Don't Let Injuries Be the Scariest Part of Halloween

 

Halloween is past us, but it's never too soon to start thinking about 2020! Pumpkin patches, haunted houses and trick-or-treating are fun and festive ways to celebrate the Halloween holiday, but the excitement of these activities can quickly turn dangerous if you're not careful. The American Academy of Orthopaedic Surgeons (AAOS) urges Halloween enthusiasts to familiarize themselves with safety tips to ensure injuries don't get in the way of holiday fun.

"Most people enjoy a good scare on Halloween, but not when it comes to your family's safety," states Jennifer Weiss, MD, FAAOS, pediatric orthopaedic surgeon and spokesperson for the AAOS. "And while there is no reason to be overly anxious about safety concerns, parents and party goers alike should think about safety in a way that's memorable for all. After all, there's no fun in door-to-door candy hunts, pumpkin carving or even haunted corn maze trails if someone's getting hurt."

According to the Consumer Product Safety Commission (CPSC), there were 13,016 Halloween-related injuries treated in emergency departments, doctors' offices and clinics in 2018. Whether your children will be going trick-or-treating or attending a Halloween party, orthopaedic surgeons at the AAOS note that a few simple precautions can help make their experience safe and enjoyable. Consider the following tips:

  • Walk on sidewalks and never cut across yards or driveways. Obey all traffic signals and stay in crosswalks when crossing the street.
  • Wear costumes that are flame-resistant and fit properly. The child's vision should not be obstructed by masks, face paint or hats. Costumes that are too long may cause kids to trip and fall, so trim or hem them as necessary.
  • Wear sturdy, comfortable, slip-resistant shoes to avoid falls.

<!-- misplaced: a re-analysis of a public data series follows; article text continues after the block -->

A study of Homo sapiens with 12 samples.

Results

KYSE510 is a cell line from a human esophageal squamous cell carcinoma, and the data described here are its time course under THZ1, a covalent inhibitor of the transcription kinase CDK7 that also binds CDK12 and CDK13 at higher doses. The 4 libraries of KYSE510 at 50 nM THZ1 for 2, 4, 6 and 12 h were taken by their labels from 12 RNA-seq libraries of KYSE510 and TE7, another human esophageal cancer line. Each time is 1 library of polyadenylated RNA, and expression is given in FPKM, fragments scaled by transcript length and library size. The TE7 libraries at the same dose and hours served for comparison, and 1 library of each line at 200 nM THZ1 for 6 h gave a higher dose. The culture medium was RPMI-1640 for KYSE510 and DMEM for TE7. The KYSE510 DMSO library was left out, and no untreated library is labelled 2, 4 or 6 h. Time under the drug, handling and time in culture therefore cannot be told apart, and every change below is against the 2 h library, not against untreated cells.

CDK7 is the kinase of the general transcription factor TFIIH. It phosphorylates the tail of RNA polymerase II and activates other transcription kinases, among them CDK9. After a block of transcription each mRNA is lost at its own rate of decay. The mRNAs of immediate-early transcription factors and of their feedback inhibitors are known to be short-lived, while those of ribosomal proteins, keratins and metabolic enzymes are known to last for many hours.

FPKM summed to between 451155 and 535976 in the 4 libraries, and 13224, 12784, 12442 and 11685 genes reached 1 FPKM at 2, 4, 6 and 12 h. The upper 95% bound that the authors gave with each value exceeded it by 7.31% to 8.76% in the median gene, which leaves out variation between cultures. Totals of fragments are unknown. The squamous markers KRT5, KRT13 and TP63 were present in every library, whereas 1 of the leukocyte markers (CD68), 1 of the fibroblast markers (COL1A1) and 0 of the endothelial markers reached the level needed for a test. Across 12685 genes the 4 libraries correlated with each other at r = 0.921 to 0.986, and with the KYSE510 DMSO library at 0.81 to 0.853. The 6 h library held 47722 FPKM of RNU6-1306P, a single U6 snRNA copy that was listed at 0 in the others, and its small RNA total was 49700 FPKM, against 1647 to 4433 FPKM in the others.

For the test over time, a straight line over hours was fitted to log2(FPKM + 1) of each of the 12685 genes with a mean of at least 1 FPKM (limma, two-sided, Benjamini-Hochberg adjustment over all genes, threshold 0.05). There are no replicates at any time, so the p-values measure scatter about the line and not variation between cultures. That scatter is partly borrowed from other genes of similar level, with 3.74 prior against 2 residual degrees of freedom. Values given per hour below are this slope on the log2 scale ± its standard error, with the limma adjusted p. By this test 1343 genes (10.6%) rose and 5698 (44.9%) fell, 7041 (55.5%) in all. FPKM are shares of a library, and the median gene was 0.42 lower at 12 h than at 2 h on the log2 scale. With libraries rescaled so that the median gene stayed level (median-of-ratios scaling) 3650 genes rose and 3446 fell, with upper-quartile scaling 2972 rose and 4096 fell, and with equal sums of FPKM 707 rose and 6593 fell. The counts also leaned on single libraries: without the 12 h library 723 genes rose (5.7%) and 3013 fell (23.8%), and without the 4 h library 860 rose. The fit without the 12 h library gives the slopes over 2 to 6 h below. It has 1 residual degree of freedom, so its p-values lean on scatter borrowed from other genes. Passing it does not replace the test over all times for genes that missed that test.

• Trick-or-treaters should only approach houses that are well-lit.
  • Carry flashlights to see and be seen. Do not point your flashlight above chest level to avoid blocking the vision of other trick-or-treaters.
  • Add reflective tape to clothing and treat bags to allow vehicles to identify you more easily.
  • Be aware of neighborhood dogs when trick-or-treating and remember that pets can feel threatened when you approach their homes.
  • Carry a cell phone while trick-or-treating.
  • Children should be supervised by an adult.

Pumpkin Carving Safety Tips
If you are like many people, you may carve jack-o-lanterns to illuminate your front porch. But carving pumpkins for the All Hallows' Eve festivities increases the risk of ghastly injuries.

"Pumpkin-carving is one reason emergency rooms see a spike in the number of people treated for hand injuries," adds Dr. Weiss. "To avoid these injuries, consider paint, markers or other non-carving decoration kits for young children to get creative with their pumpkins this year."

Whether your family is preparing to carve pumpkins or prepping for a pumpkin pie, the expert orthopaedic surgeons at the AAOS recommend caution with the following tips:

  • Use a pumpkin carving kit or knives specifically designed for carving. These are less likely to get stuck in thick pumpkin skin. Some Halloween carving devices, designed especially for older children, may be safe for use with parental supervision.
  • Carve pumpkins in a clean, dry and well-lit area, and make sure there is no moisture on the carving tools or your hands.
  • If you are cut, apply pressure with a clean cloth and elevate the injured area above the heart. If bleeding does not stop within 10-15 minutes or if the cut is deep, you may need to contact your doctor. Make sure cuts are cleaned and covered with clean bandages.
  • Avoid candles in pumpkins. Instead, use non-flammable light sources, like glow sticks or artificial pumpkin lights.

For more Halloween-safety tips visit, OrthoInfo.org.

More information about the AAOS
With more than 39,000 members, the American Academy of Orthopaedic Surgeons is the world's largest medical association of musculoskeletal specialists. The AAOS is the trusted leader in advancing musculoskeletal health. It provides the highest quality, most comprehensive education to help orthopaedic surgeons and allied health professionals at every career level to best treat patients in their daily practices. The AAOS is the source for information on bone and joint conditions, treatments and related musculoskeletal health care issues and it leads the health care discussion on advancing quality.